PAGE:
2013 revealed that President Obama is weak and meek

2013 revealed that President Obama is weak and meek. Credit: Olivier Douliery/ABACA USA/Empics Entertainment

The American presidency is the most glittering political prize on earth.

Part royalty, part chief executive, a newly re-elected President is at the pinnacle of his power and prestige.

And yet, and yet.

2013 revealed that President Obama is weak and meek.

The year began with the echoes of a madman's bullets ringing in America's ears. The Sandy Hook primary school massacre of a year ago was deeply shocking in its depravity and senselessness.

Every right-thinking person assumed, including the President, that Americans would finally agree to sensible gun-control reform.

Adam Lanza shot dead 20 pupils and six staff members at Sandy Hook Elementary School.

Nothing radical. No confiscation of weapons. Just improved background checks and a ban on military-style assault weapons and large-capacity magazines.

But the National Rifle Association of America resisted and Congress crumbled.

In one of the saddest moments I've witnessed in American politics, in mid-April the US Senate voted against even modest reform. A woman in the gallery above, who had witnessed gun violence, shouted the most powerful single words of the whole dishonourable debate: "Shame on you!"

Dylan Hockley, six, was killed in the Sandy Hook shootings. Credit: Nicole Hockley

The Sandy Hook families were defeated and President Obama - the advocate-in-chief for gun reform - looked feeble, unable to deliver change that he had promised.

President Barack Obama signs executive orders on gun violence in January. Credit: Reuters

It didn't get better later in the year for the White House. The President's greatest domestic achievement, health care reform, began to unravel under sustained political attack by Republicans and a disastrous website launch.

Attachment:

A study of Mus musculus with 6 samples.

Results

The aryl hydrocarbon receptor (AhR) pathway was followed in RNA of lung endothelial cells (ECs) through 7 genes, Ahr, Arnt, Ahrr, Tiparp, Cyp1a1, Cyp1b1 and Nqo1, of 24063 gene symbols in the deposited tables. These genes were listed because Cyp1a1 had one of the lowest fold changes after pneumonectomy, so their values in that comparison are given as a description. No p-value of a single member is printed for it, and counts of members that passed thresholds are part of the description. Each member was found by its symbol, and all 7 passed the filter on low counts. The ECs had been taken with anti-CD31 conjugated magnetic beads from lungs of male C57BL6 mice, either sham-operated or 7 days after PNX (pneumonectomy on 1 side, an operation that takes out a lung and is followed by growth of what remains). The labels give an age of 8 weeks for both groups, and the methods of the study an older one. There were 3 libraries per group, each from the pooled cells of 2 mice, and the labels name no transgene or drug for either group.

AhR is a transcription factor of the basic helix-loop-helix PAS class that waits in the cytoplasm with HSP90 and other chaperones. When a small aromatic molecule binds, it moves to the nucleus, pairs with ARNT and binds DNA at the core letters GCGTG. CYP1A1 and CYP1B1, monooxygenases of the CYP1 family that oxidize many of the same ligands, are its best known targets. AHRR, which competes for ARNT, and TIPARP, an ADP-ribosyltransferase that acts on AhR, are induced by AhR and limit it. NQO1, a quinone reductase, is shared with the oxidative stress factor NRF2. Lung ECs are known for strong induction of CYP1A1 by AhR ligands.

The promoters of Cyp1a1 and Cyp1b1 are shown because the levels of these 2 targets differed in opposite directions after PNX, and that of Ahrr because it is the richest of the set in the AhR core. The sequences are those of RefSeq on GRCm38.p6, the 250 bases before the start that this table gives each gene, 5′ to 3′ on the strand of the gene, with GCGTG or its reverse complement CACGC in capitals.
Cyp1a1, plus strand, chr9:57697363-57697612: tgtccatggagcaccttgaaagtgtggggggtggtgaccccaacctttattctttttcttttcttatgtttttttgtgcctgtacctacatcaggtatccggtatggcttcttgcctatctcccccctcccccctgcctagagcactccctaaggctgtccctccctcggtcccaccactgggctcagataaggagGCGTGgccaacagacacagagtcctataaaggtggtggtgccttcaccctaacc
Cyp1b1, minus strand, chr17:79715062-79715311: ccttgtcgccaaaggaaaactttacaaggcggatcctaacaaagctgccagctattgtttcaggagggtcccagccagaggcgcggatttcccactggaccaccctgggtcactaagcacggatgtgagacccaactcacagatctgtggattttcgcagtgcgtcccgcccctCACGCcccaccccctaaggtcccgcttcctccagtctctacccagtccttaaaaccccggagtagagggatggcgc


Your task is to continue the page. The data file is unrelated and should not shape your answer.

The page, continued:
So where does a bruised and battered second-term President look for redemption? For foreign policy triumphs.

But on Syria, US policy has been so contorted, so hopelessly contradictory, that even it's advocates are embarrassed.

Ask the most basic question and the problem is clear: Who does America actually want to win? After three years and 120,000 deaths, there is no clear answer.

And remember the most central position of all? That any use of chemical weapons would cross an Obama "red line."

So when there was a blatant and harrowing use of sarin gas, observers knew that the President - if only to preserve his credibility - would order limited military strikes.

But in a move that caused the White House press corps whiplash, he readied the warships and then, wavering, referred the whole decision to Congress for approval.

To the surprise of no-one, war weary Americans besieged their representatives to avoid putting a toe in the Syrian quagmire.

A U.N. chemical weapons expert, wearing a gas mask, inspects one of the sites of an alleged chemical weapons attack. Credit: Reuters/Mohammad Abdullah

President Obama was forced to accept that Syria's use of chemical weapons, the worst for decades, would go unpunished. Even President Putin took the credit and the prestige for a deal that ended up dismantling Syria's chemical weapons capability.

So everywhere the White House looks, it sees a bleak outlook for reform. At home and abroad Obama's enemies have out-manoeuvred him.

But 2014 could provide the two strongest Obama successes of all. They would form the basis of a legacy that is much less than he wanted; but meaningful all the same.

The last US troops will be out of Afghanistan by the end of 2014. Credit: Lim Simon/ABACA/Press Association Images

2014 will see the end of America's longest war. The last US troops will be out of Afghanistan by the end of the year. That is a promise he will have kept and will allow the President to argue he ended the wars in Iraq and Afghanistan to focus on nation-building at home.

But the second accomplishment 2014 may bring is the most important for ordinary Americans. The economy may finally gather some real momentum - ending this anaemic, jobless recovery that feels so fragile.

If Detroit roars, if Silicon Valley continues its astonishing growth, if American entrepreneurs rediscover their self-confidence it will be some exit for the President in 2016.

But America isn't just about a President.

So let's acknowledge that the newsmaker of 2013 is a young college-drop out.

Yes, we can all agree that the most high-profile American of 2013 is also the most invisible.

Edward Snowden is one of the most high-profile Americans of 2013. Credit: REUTERS/Glenn Greenwald/Laura Poitras/Courtesy of The Guardian

Step forward, Edward Snowden. Hero or villain, he wins my vote as the most influential American of 2013.